Mexican paste is great for making fine flower petals. This is my favourite paste for making sugar flowers, it has a generous drying time, dries hard and is humidity resistant once dry.
It’s fast to make, cheap, super reliable and lets me roll paper thin petals for flowers.
*Special note: Different brands of Tylose/CMC are very different. I’m used to using the cheapest CMC I can find. The first time you make this recipe start with half to 3/4 of the recommended amount of tylose and add more as needed. Record the result for whatever brand you are using.
Mexican paste- fine flower paste.
6 tsp cmc or tylose powder (28g)
500g pure icing sugar, sifted
70g hot water
4 tsp copha, crisco, snow cream, or other solid vegetable fat (25g)
2 rounded tsp corn syrup or glucose (20g)
1 tsp cream of tartar (5g)
A drop of vanilla
Wipe over bowl and spatula with a small amount of fat, sift in dry ingredients.
Melt the remaining fat.
Measure syrup and hot water.
Add melted fat and vanilla to the liquids, pour the liquids into the dry mix, stir well.
Lightly grease your bench and hands and briefly knead the icing (This is easier with gloves).
Place in a zip lock bag, rest for and hour knead, rest for another ten minutes and the paste is ready to use.
Mexican paste has a long working time and still sets fast enough to make great flowers. Fine petals will go leathery and firm up after half an hour. (Depending on weather). Once dry the paste is strong and sets like porcelain, not at all flexible when dry. It holds up to humidity extremely well. And it rolls very very thinly. I vacuum seal the paste in small lots and freeze them so I have it as I need it. When it defrosts it’s very sticky but comes together again beautifully after a quick knead.
I make super brightly coloured Mexican paste by weighing the colour and the water together to make up the total weight of the water.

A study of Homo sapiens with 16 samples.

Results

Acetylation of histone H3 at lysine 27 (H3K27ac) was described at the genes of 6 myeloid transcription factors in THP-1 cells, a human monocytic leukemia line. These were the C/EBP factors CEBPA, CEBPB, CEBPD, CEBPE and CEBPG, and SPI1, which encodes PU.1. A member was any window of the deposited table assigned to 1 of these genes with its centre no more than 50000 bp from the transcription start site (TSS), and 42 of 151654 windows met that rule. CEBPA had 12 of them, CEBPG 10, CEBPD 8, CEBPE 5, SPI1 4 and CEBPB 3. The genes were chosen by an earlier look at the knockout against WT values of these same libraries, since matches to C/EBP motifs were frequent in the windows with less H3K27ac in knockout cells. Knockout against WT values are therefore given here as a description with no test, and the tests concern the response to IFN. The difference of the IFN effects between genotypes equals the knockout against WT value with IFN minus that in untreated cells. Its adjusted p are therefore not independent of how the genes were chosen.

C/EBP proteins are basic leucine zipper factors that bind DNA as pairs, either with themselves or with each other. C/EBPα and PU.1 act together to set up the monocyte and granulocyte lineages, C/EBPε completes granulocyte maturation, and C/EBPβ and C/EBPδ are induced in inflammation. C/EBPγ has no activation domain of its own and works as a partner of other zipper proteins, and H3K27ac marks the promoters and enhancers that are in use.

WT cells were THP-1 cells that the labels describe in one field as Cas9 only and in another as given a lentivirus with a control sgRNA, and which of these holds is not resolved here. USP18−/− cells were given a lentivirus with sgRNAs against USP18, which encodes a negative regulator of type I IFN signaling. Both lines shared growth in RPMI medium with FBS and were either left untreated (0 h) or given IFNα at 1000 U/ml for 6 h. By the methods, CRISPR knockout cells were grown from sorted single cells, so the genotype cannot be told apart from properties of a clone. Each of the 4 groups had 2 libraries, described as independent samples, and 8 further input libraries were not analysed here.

- 3 teaspoons CMC or Tylose powder
- 250 grams of pure icing sugar
- 35 ml hot water (35g)
- 2 teaspoons Crisco or other solid vegetable fat
- 1 rounded teaspoon light corn syrup
- Rub the bowl and paddle attachment of a strong stand mixer with a thin film of crisco.
- Sift in the icing sugar and CMC powder, turn the mixer on low for two turns to ensure the CMC and icing sugar are mixed.
- Heat the corn syrup, Crisco and water together in a microwave safe mug until the Crisco starts to melt, usually 40 seconds or so will do it, alternatively heat in 10 second intervals and stir until the Crisco is fully melted.
- Start the mixer on low then pour the hot liquid in in a steady stream, turn up the speed to medium and beat for a minute, stop if/when the mixer sounds like it is starting to struggle.
- Turn the still warm sticky mixture onto a lightly greased bench and knead for a few seconds. Seal in zip lock bags and keep covered until ready for use. Leave the mixture to rest and cool for at least an hour before using it.
- I find it easiest to make triple batches, I vacuum seal them in small amounts and freeze them until I’m ready to use them.
- I make super brightly coloured Mexican paste by weighing the colour and the water together to make up the total weight of the water.
- Dust surfaces with cornflour to stop sticking. Can be refreshed with a tiny smear of crisco, or copha.
- Can be mixed with fondant or pastillage to make very good paste for modelling detailed figurines etc.
- It is easier to work in larger quantities I usually make this in kilo - 1.5 kilo batches and freeze in small portions in vacuum sealed bags.
How long does it last for out of the freezer and should it be stored in the fridge short term?
in an airtight container it will last a few weeks, it will last longer in the fridge and will last up to 3 month s or more in the freezer. 🙂
Will you please convert to volume measurements?
250g icing sugar is equivalent to 2 1/2 cups or 8.81oz by weight. 1/3 of a cup or 1.23 oz by weight of water. I almost never use cup measures for recipes as they are not as accurate and for this recipe accuracy will make it easier to start with a product that is close to the right texture.
Fortunately scales are cheaper than they have ever been before and you can usually pick up a digital kitchen scale for around $10 from somewhere like Kmart. Measuring by weight is awesome because it removes all variations and means that anyone can reproduce a recipe with reasonable accuracy.